Calgary Mayor Naheed Nenshi furiously responded to a public meeting held Tuesday evening on the city's southwest rapid-transit project, saying there will be no future public meetings after city staff were threatened and abused by a small fringe group of opponents.

The mayor hastily called a news conference Wednesday afternoon after he received feedback from city staffers on how the meeting went.

"I am extraordinarily disappointed," Nenshi said, who was visibly upset.

"Last night I understand the discussion went far beyond civil discourse. There was yelling, there was swearing, there was pushing and shoving, there were incidents of physical assaults on city staff, there were threats of violence and yes, there was a death threat." 

He said feedback he received from staff this morning was disheartening.

"Citizens in attendance at last night's event were prevented from having meaning conversations with city staff due to the actions of other citizens. With that, and given there has been a history of bad behaviour on this file, I have personally suggested that all face-to-face engagement on this particular topic be discontinued," Nenshi said.

"We will have no more open houses."

Nenshi attributes the actions to a "tiny fringe group" of about 10 to 15 people, who are part of the Ready to Engage group that opposes the project.

The southwest bus rapid transit (BRT) proposal is a 22-kilometre bus route from Woodbine to the downtown core. It's designed to take some pressure off of the south leg of the LRT by increasing bus usage. Some of the plan includes dedicated bus lanes to reduce traffic congestion in peak times.

The mayor said public engagement would continue, and in fact be ramped up, but in an online capacity.

The project goes right through Ward 11 and Coun. Brian Pincott, who represents the area, says last night's meeting "was one of the worst meetings I have ever been at."

Brian Pincott

Coun. Brian Pincott said the past few months have been infected by misinformation and half-truths. (CBC)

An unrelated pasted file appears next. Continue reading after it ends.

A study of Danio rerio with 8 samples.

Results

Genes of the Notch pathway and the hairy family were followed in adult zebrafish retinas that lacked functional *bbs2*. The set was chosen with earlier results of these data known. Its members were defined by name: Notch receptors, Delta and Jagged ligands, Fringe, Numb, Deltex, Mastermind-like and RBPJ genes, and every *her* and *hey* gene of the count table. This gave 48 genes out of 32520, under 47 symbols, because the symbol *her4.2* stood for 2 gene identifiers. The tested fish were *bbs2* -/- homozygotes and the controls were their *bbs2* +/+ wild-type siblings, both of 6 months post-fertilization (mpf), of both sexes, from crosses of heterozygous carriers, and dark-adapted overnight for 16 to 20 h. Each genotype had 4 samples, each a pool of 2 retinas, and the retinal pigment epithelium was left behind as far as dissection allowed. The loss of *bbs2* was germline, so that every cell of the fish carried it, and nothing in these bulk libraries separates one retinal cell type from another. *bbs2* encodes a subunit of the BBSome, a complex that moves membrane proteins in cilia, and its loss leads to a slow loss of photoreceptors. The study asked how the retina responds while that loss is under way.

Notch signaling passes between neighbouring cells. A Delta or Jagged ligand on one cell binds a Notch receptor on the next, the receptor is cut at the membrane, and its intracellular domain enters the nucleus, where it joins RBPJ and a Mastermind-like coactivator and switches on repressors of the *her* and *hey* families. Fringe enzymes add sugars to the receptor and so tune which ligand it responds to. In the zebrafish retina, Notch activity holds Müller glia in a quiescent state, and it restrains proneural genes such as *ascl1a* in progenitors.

He said the meeting punctuates a frustrating experience for him.

"This has been for me personally, about two months of ongoing belligerence, two months of cutting through misinformation and half-truths."

Rick Donkers is with the group that is opposed to the project.

Rick Donkers

Rick Donkers of the opposition group, Ready to Engage, says it's 'reprehensible' that the mayor would portray his group as thugs. (CBC)

"Ready to Engage is not anti-transit," he said following the mayor's remarks.

"We are against the city wasting millions of dollars on a project that hasn't been justified and it is the citizens of Calgary who are asking these questions — and now, we are being portrayed as thugs?"

"It is reprehensible," Donkers said.

Nenshi noted the irony of responding to the meeting on Pink Shirt Day, a national anti-bullying initiative.

"We need to protect our entire community from bullies," Nenshi said.

"We need to name and shame bullying when we see it and what we saw last night was bullying of other citizens and bullying of people who are dedicated public servants."

He said incidents from Tuesday's meetings are under investigation to determine whether charges should be laid.